DrChocolate sees the movies I can’t afford to see in theaters and reviews them, so this site can stay more up-to-date.

Like a bomb itself, The Hurt Locker arrives innocuously enough, but quickly reveals itself as tightly packaged bit of celluloid that seems primed to explode at the slightest touch. It is easily the most exciting movie of the year; and one of the tensest movies I’ve come across. Locker’s savvy white-knuckle vigor is derived from its raw, nervy performances and jittery construction. In my limited opinion it’s in a dead heat with Where the Wild Things Are for movie of the year.

The set-up is simple: A three-man EOD (Explosive Ordinance Disposal) team is stationed in Iraq in 2004. They defuse bombs. The End. New team leader SSgt. James (Jeremy Renner) is an apparent adrenaline junkie who loves putting himself in harms way. Teammate Sgt. Sanborn (Anthony Mackie) is highly suspicious of his apparent recklessness and James makes the already skittish Spc. Eldrigde (Brian Geraghty) even more unnerved. This tense team dynamic is only complicated by their fast approaching discharge date. Sanborn and Eldridge want to go home in one piece and to them James’ unbuckled antics seriously hamper that special goal.

Don’t be turned off by the idea that this is an “Iraq War Movie.” All the didactic moralizing and heavy handed sermonizing from Hollywood about naughty US politics and other such drivel is thankfully absent. If you see any politics, they are solely the ones you bring with you. Refreshingly, it is solely concerned with the three team members and their experiences. In turn the trio of actors are excellent; Renner in particular. In a brilliantly understated performance Renner lets all his conflict boil in his eyes and posture but it rarely surfaces in actions or words; but when it does it is to lasting effect. This calm, cocksure star making turn is arresting and should receive plenty of justified attention come awards season. Anthony Mackie, who has always been wonderfully reliable in his supporting turns, conjures his best performance to date as the pragmatic Sanborn. His older brother chemistry with an equally excellent Geraghty (who was memorable as Fergus in Jarhead) is a huge boon to the films (palpitating) heart.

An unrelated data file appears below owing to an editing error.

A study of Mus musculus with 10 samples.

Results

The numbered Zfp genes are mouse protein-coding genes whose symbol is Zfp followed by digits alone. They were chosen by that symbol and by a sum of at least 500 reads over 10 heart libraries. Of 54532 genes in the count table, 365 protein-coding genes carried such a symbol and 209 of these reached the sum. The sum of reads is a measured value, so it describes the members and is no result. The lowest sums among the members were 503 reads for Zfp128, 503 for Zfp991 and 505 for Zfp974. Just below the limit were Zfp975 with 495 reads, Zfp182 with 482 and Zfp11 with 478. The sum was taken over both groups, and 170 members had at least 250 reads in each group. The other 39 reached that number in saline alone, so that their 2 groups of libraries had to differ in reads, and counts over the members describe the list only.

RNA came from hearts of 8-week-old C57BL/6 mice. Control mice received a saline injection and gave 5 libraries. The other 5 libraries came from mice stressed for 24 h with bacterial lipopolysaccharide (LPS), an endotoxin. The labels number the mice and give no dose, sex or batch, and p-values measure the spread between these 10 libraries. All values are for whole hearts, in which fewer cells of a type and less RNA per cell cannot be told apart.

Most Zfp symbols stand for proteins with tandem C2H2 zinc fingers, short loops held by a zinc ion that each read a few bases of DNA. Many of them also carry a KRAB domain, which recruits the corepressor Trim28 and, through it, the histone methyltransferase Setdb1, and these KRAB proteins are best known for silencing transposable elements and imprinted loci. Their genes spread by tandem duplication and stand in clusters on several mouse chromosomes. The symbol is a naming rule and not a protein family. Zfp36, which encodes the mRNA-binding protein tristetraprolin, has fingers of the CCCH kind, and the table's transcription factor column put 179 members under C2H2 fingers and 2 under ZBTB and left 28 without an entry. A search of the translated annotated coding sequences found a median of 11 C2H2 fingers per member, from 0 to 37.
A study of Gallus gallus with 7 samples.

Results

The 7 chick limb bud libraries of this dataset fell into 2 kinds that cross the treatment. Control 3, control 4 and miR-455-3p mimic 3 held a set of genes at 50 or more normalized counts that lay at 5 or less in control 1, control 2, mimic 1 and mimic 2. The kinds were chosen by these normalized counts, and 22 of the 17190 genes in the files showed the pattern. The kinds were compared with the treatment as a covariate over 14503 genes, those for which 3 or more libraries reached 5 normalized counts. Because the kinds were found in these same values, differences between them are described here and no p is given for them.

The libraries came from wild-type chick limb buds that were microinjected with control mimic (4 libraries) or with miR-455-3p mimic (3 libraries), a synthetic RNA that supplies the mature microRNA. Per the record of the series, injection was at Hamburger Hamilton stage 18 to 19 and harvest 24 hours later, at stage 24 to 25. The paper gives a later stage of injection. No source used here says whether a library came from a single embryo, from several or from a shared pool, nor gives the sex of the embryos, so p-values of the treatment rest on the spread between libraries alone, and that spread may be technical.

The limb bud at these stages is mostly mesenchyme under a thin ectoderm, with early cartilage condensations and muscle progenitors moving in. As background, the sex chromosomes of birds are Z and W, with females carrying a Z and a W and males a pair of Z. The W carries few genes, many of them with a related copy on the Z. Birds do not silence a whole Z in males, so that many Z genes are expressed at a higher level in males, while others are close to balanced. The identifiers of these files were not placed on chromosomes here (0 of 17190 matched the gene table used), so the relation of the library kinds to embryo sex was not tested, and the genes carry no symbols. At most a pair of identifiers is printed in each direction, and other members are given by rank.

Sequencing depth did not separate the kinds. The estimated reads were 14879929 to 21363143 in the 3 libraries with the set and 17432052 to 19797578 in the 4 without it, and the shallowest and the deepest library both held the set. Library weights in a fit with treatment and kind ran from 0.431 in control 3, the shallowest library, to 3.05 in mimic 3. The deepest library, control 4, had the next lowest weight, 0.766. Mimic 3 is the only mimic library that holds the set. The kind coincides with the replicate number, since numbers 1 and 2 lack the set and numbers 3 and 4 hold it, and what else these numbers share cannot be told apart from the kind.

Director Kathryn Bigelow, who’s always dealt so well with men, manliness, and male egos and emotions, finally delivers the “great movie” her talent has always promised. (That’s not a knock on her because Point Break and Near Dark are rather spectacular in their own goofy way, but this is the step up in quality she has always been capable of delivering.) In kind, how this movie subtly examines the addiction to adrenaline, and plumbs the depths of male familial needs, and the pitfalls of male bravado makes it a home run. Her muscular direction combines with a ragged, jittery camerawork to give the movie a ripped-from-the-battlefield documentary style that serves the action well. Using this style to her advantage, Bigelow ratchets up the tension to sweaty, anxious levels; it’s exhilarating and exhausting watching this movie. Every man, woman, child, phone, goat is viewed suspiciously as a trigger or carrier. Bigelow’s superior sense of action and understanding of men just gives you the feeling she could pimp slap Michael Bay into the third grade and scare Brett Ratner and McG into diapers with a glare. In the best way possible, she’s one of the manliest directors in Hollywood.

All together this isn’t a war movie, in the classical sense. The war is ancillary to the events of the film; the focus is so tight on the three soldiers that the conflcit falls away from the spotlight. Politics are absent, big brass plays no roles, major troop movements aren’t discussed. This must be how it feels to be part of an EOD team, a part of the action but isolated from it, a part of the force but secondary to it. Screenwriter Mark Boal wrote the script based on his experiences as an embedded journalist with an EOD team.

This is a “do not miss” in my opinion. Renner is superb, the direction is top-notch, and the action is the definition of “edge of your seat,” I actually felt my muscles tense and my breath shorten in certain scenes. It’s exhilarating, entertaining, and conversation starting. In short, it’s everything a good movie should be. Watch it.